Three Observations About Hillary's Speech on Criminal Justice Reform - The American Spectator | USA News and Politics
Three Observations About Hillary’s Speech on Criminal Justice Reform

I have read Hillary Clinton’s speech on criminal justice reform and have three observations I would like to make.

First, Hillary gave the speech at Columbia University under the auspices of the David Dinkins Leadership and Policy Forum. Hillary said that Dinkins “leadership helped lay the foundation for the dramatic drop in crime in the years that followed.” Those would be the years that Rudy Giuliani was mayor. Let me put this way. Would Hillary have walked through Times Square while Dinkins was mayor?

Second, Hillary bemoaned this country’s high incarceration rates:

It’s a stark fact that the United States has less than 5 percent of the world’s population, yet we have almost 25 percent of the world’s total prison population. The numbers today are much higher than they were 30, 40 years ago, despite the fact that crime is at historic lows.

It would seem that Hillary is yet another liberal who can’t get her head around the concept of “more prisons, less crime.” With this mind, consider what George Will wrote in The Washington Post in June 2008:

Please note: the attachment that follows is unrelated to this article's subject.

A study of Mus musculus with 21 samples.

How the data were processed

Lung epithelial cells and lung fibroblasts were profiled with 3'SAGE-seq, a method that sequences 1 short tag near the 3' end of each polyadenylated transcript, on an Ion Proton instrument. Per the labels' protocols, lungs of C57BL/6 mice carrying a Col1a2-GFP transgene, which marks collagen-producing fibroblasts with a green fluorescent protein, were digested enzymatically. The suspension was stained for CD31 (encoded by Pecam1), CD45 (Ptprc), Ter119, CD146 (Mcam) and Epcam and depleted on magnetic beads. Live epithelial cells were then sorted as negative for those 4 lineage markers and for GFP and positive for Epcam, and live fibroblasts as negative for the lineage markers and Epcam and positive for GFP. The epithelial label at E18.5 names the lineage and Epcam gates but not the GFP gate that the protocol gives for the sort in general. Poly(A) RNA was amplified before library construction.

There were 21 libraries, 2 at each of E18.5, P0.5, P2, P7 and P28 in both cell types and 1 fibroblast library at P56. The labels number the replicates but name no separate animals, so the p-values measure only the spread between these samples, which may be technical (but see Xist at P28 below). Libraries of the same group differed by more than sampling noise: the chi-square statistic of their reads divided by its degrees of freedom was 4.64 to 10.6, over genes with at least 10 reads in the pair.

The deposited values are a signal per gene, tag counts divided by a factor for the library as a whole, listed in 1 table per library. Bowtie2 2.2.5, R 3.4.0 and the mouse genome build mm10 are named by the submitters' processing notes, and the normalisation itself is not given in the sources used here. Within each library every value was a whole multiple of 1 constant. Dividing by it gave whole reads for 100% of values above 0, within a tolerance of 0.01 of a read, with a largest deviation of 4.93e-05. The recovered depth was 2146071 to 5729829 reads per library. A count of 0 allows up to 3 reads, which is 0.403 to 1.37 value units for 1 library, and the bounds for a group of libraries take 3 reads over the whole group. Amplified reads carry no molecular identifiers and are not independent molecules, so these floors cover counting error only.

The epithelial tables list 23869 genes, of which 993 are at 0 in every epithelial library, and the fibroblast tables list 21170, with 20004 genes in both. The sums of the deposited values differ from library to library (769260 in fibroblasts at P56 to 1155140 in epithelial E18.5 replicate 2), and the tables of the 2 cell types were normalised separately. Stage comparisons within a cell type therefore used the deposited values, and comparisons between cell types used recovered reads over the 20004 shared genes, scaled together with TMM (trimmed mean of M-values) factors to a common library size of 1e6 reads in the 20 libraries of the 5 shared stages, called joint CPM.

The New York Times has not recently repeated such amusing headlines as “Crime Keeps on Falling, But Prisons Keep on Filling” (1997), “Prison Population Growing Although Crime Rate Drops” (1998), “Number in Prison Grows Despite Crime Reduction” (2000) and “More Inmates, Despite Slight Drop in Crime” (2003).

If crime revives as an issue, it will be through liberal complaints about something that has reduced the salience of the issue — the incarceration rate.

Will then went on to cite Heather Mac Donald of The Manhattan Institute who showed that increases in the incarceration rate between 1999 and 2004 were exclusively due to violent crime contra President Obama’s claim that first time, non-violent offenders were languishing in prisons.

But why let the facts get in the way of an argument? Hillary has spoken. She vows to put an “end to this era of mass incarceration.” Call it her “get out of jail free” policy.

Which brings me to my third observation. Isn’t it curious that Hillary is advocating less incarceration at a time when the evidence suggests she broke the law?